Hey, here’s a semi-geeky gift that they’re sure to get a charge out of…a high-current USB charger built into a common household receptacle. You may recall that I installed a couple of theFastMac USockets some time ago. There’s one at each of our night-stands, conveniently providing power to charge phones and tablets as we sleep.
At the time these things were comparatively rare so I ordered them directly from FastMac. Given my past history in construction and renovation I was able to install these myself. However, the fitting the USocket into the outlet box wasn’t the easiest thing to do. The USockets depth made it difficult to fit the wiring back into the box. I ended up replacing the box with a deeper one in the end.
While on a visit to our local Lowe’s I recently found that they have a similar product made by Cooper. These sell for around $20 and may be more conveniently available to you.
Like the USockets, they replace the existing outlet so you’re going to need to have some facility with tools in order to get them installed. They come in the Decora style so you may need a new cover plate. I see that Amazon has them In several colors, too.
If you’re not so handy with tools around electricity you might consider this alternative from RCA , also found at Lowe’s. For only $15 this one features quick, tool-less installation. It’s designed to plug directly into the existing outlet. Once installed the device sticks out about 1/2” from the wall.
Unlike older USB chargers, all three of these devices provide enough current to satisfy a tablet or high-end smart phone.
I like the fact that these device can’t go missing simply because someone needs to charge something else at the other end of the house. I especially like the fact that I no longer need outlet strips everywhere to accommodate all the chargers.
Ok, you’re here, so that makes you something of a geek. Perhaps you have another telephony geek in your life, or your family are asking for a Christmas list. Whatever the case, a good USB speakerphone is really handy and makes nice present.
Little round-and-loud has proven to be a solid performer. I’ve used it to participate in Google Hangouts, with Skype and GotoMeeting as well as various SIP soft phones. You might have seen me show it in a recent VUC call with Logitech. Whatever the client software, in every case it worked well. It sounds great to my ear and conveys my voice clearly to the far end.
The microphone is omni-directional, effective to about one yard. That makes the SPEAK 410 ideal for desk use, even if you have a person on either side of the desk.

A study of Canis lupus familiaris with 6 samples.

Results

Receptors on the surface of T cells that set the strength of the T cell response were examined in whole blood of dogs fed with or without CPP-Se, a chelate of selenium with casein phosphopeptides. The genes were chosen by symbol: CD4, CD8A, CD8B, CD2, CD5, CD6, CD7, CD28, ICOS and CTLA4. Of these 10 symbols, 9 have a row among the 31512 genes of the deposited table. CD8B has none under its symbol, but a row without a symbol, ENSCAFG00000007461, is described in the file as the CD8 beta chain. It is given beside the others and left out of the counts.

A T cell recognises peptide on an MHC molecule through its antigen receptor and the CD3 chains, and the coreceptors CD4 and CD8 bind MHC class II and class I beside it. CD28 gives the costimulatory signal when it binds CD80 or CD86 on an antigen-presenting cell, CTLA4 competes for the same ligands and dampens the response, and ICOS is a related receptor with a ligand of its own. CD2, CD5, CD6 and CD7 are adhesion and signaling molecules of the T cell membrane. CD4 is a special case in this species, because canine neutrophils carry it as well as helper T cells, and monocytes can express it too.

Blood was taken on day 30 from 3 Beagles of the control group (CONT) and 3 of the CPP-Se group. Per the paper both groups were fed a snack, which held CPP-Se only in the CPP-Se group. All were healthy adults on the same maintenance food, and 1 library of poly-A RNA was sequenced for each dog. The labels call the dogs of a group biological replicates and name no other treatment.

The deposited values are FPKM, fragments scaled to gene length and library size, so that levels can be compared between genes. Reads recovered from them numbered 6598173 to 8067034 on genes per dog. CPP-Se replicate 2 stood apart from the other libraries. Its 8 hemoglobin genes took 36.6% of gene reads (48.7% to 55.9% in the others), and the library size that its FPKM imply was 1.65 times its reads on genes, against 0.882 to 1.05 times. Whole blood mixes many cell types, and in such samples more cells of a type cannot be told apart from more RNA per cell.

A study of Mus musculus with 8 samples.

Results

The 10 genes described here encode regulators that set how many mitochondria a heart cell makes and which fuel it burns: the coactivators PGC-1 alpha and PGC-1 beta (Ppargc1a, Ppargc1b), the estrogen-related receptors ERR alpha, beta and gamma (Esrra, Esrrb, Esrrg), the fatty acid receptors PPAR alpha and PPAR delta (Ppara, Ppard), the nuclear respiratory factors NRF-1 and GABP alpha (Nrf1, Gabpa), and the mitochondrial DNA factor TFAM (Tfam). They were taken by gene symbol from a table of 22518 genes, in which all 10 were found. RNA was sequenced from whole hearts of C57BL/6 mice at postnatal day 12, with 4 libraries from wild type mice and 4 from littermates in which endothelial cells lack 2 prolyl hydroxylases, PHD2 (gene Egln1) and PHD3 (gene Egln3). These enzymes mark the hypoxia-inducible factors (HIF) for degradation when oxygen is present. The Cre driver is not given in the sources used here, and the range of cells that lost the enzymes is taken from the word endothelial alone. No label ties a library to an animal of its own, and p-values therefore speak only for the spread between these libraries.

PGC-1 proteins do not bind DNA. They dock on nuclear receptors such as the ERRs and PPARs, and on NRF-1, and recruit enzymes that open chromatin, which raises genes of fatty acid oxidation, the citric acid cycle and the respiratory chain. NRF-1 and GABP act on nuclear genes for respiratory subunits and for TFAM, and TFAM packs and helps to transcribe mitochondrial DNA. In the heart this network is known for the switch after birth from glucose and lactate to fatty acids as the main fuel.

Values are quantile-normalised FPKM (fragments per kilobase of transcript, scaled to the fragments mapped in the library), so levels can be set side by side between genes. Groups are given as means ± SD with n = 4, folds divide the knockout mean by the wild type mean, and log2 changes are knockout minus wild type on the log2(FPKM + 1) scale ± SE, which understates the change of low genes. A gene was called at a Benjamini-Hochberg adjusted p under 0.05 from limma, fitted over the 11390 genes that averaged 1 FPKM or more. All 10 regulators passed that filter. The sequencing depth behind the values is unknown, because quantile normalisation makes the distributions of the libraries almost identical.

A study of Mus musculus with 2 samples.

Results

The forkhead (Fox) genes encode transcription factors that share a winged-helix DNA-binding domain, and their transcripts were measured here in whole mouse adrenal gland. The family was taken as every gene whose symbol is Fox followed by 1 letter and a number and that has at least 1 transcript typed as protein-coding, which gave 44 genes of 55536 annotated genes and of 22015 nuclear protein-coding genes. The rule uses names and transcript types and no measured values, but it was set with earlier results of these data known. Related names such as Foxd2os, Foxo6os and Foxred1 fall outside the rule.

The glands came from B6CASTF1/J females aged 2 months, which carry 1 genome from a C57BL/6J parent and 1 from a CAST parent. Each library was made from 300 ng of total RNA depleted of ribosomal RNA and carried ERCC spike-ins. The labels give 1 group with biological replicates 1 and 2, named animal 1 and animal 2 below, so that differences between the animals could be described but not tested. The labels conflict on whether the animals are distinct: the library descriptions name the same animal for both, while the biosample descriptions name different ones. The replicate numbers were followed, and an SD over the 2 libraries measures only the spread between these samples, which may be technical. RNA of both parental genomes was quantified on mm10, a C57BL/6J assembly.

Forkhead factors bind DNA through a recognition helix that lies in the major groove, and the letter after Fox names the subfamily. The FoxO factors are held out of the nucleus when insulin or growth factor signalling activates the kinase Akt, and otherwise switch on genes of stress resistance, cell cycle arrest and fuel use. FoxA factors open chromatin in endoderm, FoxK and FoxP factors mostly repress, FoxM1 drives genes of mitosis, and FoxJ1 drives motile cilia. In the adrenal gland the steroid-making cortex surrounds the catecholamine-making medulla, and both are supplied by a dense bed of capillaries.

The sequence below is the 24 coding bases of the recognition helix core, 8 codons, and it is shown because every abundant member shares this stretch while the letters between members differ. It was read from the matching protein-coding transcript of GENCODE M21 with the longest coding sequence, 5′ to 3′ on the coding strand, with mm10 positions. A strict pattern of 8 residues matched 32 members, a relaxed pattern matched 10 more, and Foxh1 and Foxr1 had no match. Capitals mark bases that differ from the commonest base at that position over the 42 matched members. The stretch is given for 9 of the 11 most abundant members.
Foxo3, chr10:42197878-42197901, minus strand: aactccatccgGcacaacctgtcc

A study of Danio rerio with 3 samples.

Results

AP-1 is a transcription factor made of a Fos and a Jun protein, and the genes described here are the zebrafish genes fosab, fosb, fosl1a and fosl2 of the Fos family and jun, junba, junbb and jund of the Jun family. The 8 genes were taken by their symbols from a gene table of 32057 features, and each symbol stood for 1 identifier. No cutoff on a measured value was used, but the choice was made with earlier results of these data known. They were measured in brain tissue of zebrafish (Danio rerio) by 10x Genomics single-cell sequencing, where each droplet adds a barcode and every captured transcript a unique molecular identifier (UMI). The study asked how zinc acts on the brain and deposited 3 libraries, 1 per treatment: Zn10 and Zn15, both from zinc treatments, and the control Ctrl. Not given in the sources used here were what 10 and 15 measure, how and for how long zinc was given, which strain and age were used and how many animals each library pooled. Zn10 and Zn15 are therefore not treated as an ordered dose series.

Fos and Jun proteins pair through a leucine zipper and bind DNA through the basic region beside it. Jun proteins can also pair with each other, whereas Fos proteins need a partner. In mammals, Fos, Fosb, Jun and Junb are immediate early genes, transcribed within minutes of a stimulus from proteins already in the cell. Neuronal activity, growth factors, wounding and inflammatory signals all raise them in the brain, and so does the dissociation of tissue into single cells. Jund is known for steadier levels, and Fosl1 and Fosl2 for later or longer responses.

This past week I’ve been travelling with a new Plantronics Voyager Legend Bluetooth headset. This is the fourth headset in the Voyager range that I’ve used. You may recall that not so long ago I bought a Voyager Pro HD. That headset has been completely satisfactory. I was not intending to purchase a replacement. So it is that I’ll start by describing how I came to have this little beasty, which is a bit of a curious story and the tale of my first Tweet-Up, aka Twitter Party.
Back in October my wife took a business trip to Anaheim CA for a few days. This was something of a turning of the tables for I am the frequent business traveller in the family. She rarely travels on business.
It was decided (i.e. I was told) that since she had to be away I would need to be taking care of things at home that week. I found myself tending the homestead without some of the normal distractions of our daily life. I had some extra time to tinker for a few evenings.
Not long ago I read a post by a blogger who had made the effort to give up his laptop for the day. While attending a conference he left his laptop in his hotel room intent upon using only his Nexus 7 tablet throughout that day. I thought it an interesting experiment.
At this very moment I’m typing on the Logitech Keyboard for Android , wirelessly connected to my Nexus 7. Just as he described the case for the keyboard doubles as a stand for the tablet. It’s handy. To use it properly really requires a table, but it’s working on my lap at the moment.
Being something of a traditionalist I have historically fed the Squeezebox herd from a small media server or NAS on my network. Only occasionally would I point them to online sources like Radio Paradise, KPFT or KUHF.
This past weekend I started to play with Pandora. The Squeezeboxes can access a Pandora account and thereby stream decent quality music from an online source. Pandora’s paid service provides 192 kbps streams without advertising. That makes the $36/yr paid service seem quite attractive.
Millions of people already use Pandora. I accept that I’m late to that party.
WebRTC is certainly a hot topic in some circles and definitely something to watch. Recently Erik Lagerway of Hookflash interviewed Alan Johnston of Avaya on the matter. They both share a lot of enthusiasm for WebRTC and the potential that it represents.
Mr. Johnston has written a book on WebRTC, which is mentioned on his blog. He’s giving away 10 copies. You have until the end of the day to get yourself entered via Good Reads.